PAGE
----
New Zealand expatriate painter Douglas MacDiarmid loves the beauty and sensuality of flowers. He has regularly painted them as a luscious still life when a particular arrangement or bloom takes his fancy – in this case a vase of glorious peony roses that have tempted his brush more than once.
Peony roses are always something special. Each flower seems a small work of art with layer upon layer of petals and a sweet, lingering perfume. The national flower of China, peonies have been called the most beautiful flower in the world. Long-lasting as cut flowers, they are never out of fashion or favour.
At first glance the picture appears to be unfinished because of the extent of white canvas. This is not the case, at the time it was painted, MacDiarmid was in his ‘white period’, using a lot of neutral colour in the background of landscapes and other forms to give greater depth of light and an edge of coolness to the subject. This technique makes the flowers stand out, unencumbered by any distractions.
Still Life 1972 has been part of the permanent collection of the Wallace Arts Trust for more than a decade. It was much admired as part of a one night ‘Circle of Friends‘ exhibition at the Trust’s magnificent heritage premises, The Pah Homestead in Hillsborough, for the Auckland launch of the biography Colours of a Life: The life and times of Douglas MacDiarmid on 18 July 2018.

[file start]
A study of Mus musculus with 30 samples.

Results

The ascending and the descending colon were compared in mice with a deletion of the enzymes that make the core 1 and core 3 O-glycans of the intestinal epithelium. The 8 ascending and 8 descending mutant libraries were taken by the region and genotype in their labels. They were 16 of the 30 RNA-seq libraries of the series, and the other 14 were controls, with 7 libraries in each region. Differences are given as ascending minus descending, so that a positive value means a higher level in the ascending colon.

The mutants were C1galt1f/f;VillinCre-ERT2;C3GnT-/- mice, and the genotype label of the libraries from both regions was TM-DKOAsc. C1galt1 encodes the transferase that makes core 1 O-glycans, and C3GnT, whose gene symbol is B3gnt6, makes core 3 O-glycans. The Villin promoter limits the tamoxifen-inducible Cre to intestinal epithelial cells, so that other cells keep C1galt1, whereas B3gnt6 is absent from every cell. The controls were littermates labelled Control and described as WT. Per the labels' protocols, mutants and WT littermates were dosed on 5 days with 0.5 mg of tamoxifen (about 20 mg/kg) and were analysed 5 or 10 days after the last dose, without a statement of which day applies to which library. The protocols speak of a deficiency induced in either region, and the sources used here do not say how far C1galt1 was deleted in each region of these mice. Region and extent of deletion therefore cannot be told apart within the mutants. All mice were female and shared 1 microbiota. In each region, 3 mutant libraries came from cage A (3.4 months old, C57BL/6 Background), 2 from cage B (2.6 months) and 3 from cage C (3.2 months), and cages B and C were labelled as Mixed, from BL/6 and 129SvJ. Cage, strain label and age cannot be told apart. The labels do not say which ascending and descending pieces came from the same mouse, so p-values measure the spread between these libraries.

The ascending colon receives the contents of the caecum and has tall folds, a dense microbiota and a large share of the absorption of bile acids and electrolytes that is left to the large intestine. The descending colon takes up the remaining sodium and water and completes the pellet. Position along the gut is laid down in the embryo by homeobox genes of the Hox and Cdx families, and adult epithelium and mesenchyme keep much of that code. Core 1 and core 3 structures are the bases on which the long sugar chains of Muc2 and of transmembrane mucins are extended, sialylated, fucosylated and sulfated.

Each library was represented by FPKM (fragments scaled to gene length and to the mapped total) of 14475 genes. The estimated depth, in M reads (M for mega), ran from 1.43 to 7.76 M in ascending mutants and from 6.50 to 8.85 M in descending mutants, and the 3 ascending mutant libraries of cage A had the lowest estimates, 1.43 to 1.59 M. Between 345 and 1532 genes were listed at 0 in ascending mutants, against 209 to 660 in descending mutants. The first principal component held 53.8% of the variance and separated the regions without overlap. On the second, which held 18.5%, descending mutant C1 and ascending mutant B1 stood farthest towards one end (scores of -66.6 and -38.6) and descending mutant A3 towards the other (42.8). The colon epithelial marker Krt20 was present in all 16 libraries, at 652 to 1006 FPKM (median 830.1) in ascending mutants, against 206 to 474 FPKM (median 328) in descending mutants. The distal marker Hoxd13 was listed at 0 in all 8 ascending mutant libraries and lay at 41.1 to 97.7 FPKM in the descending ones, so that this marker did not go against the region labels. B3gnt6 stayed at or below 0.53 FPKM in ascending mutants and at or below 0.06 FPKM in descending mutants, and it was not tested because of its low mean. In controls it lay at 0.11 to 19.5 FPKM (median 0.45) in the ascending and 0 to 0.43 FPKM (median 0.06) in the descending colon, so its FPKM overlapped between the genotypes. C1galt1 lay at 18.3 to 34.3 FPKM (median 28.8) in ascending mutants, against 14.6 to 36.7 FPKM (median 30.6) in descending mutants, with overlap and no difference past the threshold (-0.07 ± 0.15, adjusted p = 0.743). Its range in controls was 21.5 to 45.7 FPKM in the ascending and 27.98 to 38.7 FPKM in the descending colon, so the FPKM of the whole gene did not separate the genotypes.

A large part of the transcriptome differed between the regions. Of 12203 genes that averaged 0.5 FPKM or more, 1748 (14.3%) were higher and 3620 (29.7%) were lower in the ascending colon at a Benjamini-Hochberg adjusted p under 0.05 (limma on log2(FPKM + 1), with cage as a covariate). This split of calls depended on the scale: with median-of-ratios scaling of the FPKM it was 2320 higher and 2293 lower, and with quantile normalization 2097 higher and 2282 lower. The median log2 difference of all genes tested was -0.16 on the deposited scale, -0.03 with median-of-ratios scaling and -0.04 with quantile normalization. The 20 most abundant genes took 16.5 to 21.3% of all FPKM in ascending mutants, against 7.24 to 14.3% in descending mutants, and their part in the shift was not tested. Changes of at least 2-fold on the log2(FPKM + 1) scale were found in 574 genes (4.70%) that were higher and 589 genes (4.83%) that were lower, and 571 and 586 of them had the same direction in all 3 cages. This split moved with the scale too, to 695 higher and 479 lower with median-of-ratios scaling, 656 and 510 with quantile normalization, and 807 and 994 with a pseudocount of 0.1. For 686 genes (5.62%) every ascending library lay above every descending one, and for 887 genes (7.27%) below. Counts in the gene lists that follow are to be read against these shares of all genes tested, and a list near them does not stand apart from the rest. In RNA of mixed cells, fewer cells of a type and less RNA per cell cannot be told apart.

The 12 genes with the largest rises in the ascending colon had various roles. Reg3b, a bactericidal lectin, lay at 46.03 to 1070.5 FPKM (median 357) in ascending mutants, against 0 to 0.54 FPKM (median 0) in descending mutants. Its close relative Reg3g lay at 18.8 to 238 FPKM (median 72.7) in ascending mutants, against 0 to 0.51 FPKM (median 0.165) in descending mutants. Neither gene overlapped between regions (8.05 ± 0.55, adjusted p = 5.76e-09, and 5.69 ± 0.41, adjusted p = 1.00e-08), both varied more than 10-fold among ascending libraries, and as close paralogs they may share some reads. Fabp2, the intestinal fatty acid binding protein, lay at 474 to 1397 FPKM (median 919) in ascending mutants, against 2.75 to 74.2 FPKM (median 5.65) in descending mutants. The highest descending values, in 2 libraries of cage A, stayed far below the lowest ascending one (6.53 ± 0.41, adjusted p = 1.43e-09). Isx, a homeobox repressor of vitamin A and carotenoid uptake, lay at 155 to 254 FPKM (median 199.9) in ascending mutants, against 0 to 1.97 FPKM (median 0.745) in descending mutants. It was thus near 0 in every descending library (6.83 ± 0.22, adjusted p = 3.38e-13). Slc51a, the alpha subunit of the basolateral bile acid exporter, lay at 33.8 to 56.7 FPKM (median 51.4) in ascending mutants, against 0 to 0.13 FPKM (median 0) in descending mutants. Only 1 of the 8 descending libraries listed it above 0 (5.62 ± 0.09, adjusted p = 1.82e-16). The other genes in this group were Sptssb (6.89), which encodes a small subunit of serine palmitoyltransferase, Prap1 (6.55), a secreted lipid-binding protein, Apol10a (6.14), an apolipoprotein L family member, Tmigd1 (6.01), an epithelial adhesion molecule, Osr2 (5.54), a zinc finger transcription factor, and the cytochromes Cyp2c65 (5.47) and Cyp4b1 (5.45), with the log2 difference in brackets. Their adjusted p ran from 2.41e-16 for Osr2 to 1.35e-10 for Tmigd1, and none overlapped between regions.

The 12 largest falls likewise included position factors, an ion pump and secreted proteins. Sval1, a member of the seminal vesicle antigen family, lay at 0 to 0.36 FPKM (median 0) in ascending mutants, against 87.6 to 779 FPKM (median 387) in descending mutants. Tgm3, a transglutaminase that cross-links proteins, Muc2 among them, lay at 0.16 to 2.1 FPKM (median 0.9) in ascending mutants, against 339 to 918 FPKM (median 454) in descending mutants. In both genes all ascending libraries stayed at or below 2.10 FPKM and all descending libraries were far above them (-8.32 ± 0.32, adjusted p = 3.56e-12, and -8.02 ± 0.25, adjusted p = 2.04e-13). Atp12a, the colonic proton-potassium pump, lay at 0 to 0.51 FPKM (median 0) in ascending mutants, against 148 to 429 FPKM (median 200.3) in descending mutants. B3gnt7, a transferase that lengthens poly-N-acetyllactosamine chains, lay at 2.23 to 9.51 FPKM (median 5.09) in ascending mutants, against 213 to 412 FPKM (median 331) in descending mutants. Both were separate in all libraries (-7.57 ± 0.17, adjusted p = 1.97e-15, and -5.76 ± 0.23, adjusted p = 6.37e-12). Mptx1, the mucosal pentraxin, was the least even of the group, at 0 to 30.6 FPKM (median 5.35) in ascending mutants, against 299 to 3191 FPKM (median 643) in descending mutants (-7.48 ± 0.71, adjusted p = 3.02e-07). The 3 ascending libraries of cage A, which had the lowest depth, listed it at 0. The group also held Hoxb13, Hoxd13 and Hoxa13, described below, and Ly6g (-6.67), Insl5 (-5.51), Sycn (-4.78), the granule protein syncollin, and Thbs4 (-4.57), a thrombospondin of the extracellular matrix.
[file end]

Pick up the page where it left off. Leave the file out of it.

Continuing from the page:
While this painting is given over to the beauty of the peonies, some MacDiarmid still lifes are a composition within a scene – perhaps a vase of flowers framed in a window with the landscape beyond, or a table setting with a wider view. Others take a mischievous approach – is that a cat snuggled up to that vase of flowers, or are my eyes playing tricks? The main thing is to embrace what you see in a MacDiarmid painting; that is its reality.
Still Life 1972 featured in a one-night exhibition of works contributed by a circle of friends on 18 July 2018 at the Auckland launch of Douglas MacDiarmid’s biography, Colours of a Life: The life and times of Douglas MacDiarmid, written by his niece Anna Cahill.
MacDiarmid’s biography is available to purchase here, at selected galleries or from all good bookstores throughout New Zealand.